Mourners Leave Notes of Love at Robin Williams' Homes


    A memorial is growing outside the house where Mrs. Doubtfire was filmed. Bob Redell reports. (Published Tuesday, Aug 12, 2014)

    Makeshift memorials are growing outside the real and stage homes of Robin Williams as mourners in the San Francisco Bay Area gather to remember a comedian whose work shaped the childhoods of many.

    Williams, 63, was found dead Monday in what the Marin County Sheriff's Department described as an apparent suicide by asphyxiation. His publicist said he suffered from depression. Marin authorities plan to hold a news conference on his death at 11 a.m. local time on Tuesday.

    Fans leave messages of love to the late Robin Williams at a home in San Francisco where he starred in “Mrs. Doubtfire.” Bob Redell

    At a home in San Francisco's Pacific Heights on Steiner Street, where Williams starred as father-turned-nanny in "Mrs. Doubtfire," one stranger left a sign: "You taught me that it is okay to feel like I was on the planet." The photo, offset by a candle and a bright sunflower, shows a picture of Williams when he played his first big part - the alien Mork in the 1970s TV smash series "Mork and Mindy."

    Less than 30 miles away in the tony town of Tiburon hordes of reporters camped out in front of the bayside home where William lived with his third wife, Susan Schneider. Fans there also left flowers, candles and messages: "You will be missed, Robin."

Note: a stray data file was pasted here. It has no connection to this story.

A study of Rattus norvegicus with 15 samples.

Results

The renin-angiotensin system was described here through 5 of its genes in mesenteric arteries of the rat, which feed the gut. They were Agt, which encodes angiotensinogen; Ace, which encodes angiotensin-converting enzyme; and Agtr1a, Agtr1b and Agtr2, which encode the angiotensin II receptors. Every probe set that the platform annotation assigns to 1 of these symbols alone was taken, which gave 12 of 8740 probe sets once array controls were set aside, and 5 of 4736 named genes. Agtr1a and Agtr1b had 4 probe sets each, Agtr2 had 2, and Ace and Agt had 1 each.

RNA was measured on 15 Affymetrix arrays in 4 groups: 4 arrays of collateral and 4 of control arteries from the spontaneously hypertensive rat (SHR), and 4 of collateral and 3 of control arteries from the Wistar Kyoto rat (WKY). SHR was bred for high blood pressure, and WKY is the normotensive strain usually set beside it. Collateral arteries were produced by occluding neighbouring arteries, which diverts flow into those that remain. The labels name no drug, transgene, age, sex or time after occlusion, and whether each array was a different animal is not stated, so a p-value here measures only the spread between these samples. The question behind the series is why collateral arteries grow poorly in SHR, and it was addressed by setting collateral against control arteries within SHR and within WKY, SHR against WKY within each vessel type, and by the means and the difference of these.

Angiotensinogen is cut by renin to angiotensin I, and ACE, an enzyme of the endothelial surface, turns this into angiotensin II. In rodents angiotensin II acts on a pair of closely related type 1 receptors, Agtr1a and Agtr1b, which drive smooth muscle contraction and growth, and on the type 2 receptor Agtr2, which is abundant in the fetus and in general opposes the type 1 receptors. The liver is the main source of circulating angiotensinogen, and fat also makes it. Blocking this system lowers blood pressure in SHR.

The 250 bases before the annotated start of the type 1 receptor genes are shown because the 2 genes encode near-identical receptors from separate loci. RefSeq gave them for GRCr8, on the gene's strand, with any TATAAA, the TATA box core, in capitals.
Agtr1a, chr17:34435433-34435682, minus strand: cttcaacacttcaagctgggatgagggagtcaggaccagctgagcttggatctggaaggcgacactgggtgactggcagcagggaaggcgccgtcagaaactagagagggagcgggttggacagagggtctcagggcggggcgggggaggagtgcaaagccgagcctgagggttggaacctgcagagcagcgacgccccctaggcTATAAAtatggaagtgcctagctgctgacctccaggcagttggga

Cody Queen of Santa Clara said it's just so odd that Williams is gone, because people like him just seem "eternal."

    "He's my favorite actor," Queen said. "I grew up watching his movies." If Queen was ever in a bad mood, he'd put on a Williams movie and "all of a sudden you're smiling, you're laughing, you forget about any problems you were having."

    In Los Angeles, his star on the Hollywood Hall of Fame was also strewn with notes of love for a man who kept his audience in stitches with his genius and ability to mock people and mimic them with love.

    Josh Keppel

    Williams, who acknowledged battling addiction and severe depression throughout his life, was clean for two decades — the longest stretch of his career.

    Williams returned to rehab last month — this time, he said, not because he'd relapsed again, but because he wanted to make sure his recovery stuck.

    IF YOU'RE INTERESTED: If you know someone who needs help, you can contact the National Suicide Prevention Lifeline here.

    NBC Bay Area Bob Redell and Stephanie Chuang contributed to this report.